Quinn, Thompson Campaign on New Ideas
NEW YORK—Of the three candidates vying for the top two spots in the Democratic mayoral race, Christine Quinn and Bill Thompson introduced new ideas for their administrations on Thursday.
Meanwhile, front-runner Bill de Blasio was enjoying huge crowds of media and supporters at 125th Street and Lenox Avenue in Harlem in the afternoon of Sept. 5 after spending the day greeting voters. His campaign schedule has looked much the same in this final week before the Sept. 10 primary: get out and greet voters and continue to spread the same message his campaign has spent months cultivating.
Thompson and Quinn are in a fierce battle for the No. 2 spot, a spot they can fill only if there is a runoff. De Blasio was at 43 percent in the most recent Quinnipiac poll, exceeding the crucial 40 percent needed to avoid a run-off.
On Thursday morning, Thompson introduced a new proposal, which would give all city students their first year of college free at the City University of New York. He said he would pay for the idea with money from the sale of taxi medallions.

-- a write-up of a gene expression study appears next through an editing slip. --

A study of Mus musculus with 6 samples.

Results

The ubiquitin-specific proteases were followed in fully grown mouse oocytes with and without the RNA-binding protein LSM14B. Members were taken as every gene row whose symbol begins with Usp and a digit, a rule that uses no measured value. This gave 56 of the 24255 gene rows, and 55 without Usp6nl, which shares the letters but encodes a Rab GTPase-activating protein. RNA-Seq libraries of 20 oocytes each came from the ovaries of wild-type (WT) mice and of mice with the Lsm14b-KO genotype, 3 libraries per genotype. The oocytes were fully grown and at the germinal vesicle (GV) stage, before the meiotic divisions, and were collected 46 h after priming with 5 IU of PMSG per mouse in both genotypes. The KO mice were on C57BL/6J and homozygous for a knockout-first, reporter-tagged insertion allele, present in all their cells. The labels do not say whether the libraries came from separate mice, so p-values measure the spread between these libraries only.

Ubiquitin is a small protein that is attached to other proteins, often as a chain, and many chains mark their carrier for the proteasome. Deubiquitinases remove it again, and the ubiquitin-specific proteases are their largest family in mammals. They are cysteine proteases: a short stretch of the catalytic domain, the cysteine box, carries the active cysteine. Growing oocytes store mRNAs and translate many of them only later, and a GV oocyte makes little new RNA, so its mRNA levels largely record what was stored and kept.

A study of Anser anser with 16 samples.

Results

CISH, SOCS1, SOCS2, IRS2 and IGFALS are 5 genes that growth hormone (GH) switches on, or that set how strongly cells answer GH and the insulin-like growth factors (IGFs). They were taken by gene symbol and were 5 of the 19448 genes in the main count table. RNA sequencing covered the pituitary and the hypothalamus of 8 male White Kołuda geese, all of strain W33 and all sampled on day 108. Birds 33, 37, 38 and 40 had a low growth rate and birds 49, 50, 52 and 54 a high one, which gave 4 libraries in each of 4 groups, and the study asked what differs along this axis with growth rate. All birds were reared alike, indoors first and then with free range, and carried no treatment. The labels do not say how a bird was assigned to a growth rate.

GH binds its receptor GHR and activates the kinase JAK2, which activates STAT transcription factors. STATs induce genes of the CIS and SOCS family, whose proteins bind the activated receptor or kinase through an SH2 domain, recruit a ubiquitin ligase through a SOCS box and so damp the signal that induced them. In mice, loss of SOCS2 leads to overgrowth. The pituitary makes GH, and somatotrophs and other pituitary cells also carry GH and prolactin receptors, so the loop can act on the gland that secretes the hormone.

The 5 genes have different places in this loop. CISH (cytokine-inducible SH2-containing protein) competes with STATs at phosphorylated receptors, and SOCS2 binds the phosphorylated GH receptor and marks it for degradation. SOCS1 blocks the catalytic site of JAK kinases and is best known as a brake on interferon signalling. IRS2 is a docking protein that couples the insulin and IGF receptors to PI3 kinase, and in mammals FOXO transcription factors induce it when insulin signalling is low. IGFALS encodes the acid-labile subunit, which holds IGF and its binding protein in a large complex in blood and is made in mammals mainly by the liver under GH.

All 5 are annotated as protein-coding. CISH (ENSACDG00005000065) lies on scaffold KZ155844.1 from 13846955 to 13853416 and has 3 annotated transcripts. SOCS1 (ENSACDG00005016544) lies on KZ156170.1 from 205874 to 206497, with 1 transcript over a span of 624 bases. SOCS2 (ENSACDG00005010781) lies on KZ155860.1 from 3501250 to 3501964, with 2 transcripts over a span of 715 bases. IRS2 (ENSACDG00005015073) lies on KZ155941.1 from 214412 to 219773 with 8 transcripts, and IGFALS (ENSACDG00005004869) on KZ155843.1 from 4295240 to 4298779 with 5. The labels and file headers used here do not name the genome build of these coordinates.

Just five days before an election, it is not unusual to talk about ideas your campaign has already put out, but to introduce new ideas is a telling sign.
Thompson dismissed the idea the introduction of the plan had anything to do with the poll numbers, saying he’s been considering the idea for weeks.
Quinn, who was the long-time, previous front-running candidate, has found herself in third place in the recent polls. On Aug. 27, she rolled out her First 100 Days campaign, and has unveiled a new first 100-days promise nearly every day since then.
On Thursday she promised to provide non-English-speaking small-business owners support by offering translation services during city inspections, as well as small-business resource centers.
The ideas, while previously unannounced, tend to be more specific ideas added to her already laid out platform.
De Blasio began his campaign by laying out his policies in late 2012 (his pre-kindergarten plan was announced in October 2012), and has been the best at making his message clear to voters, specifically regarding issues important to voters like the NYPD practice of stop and frisk.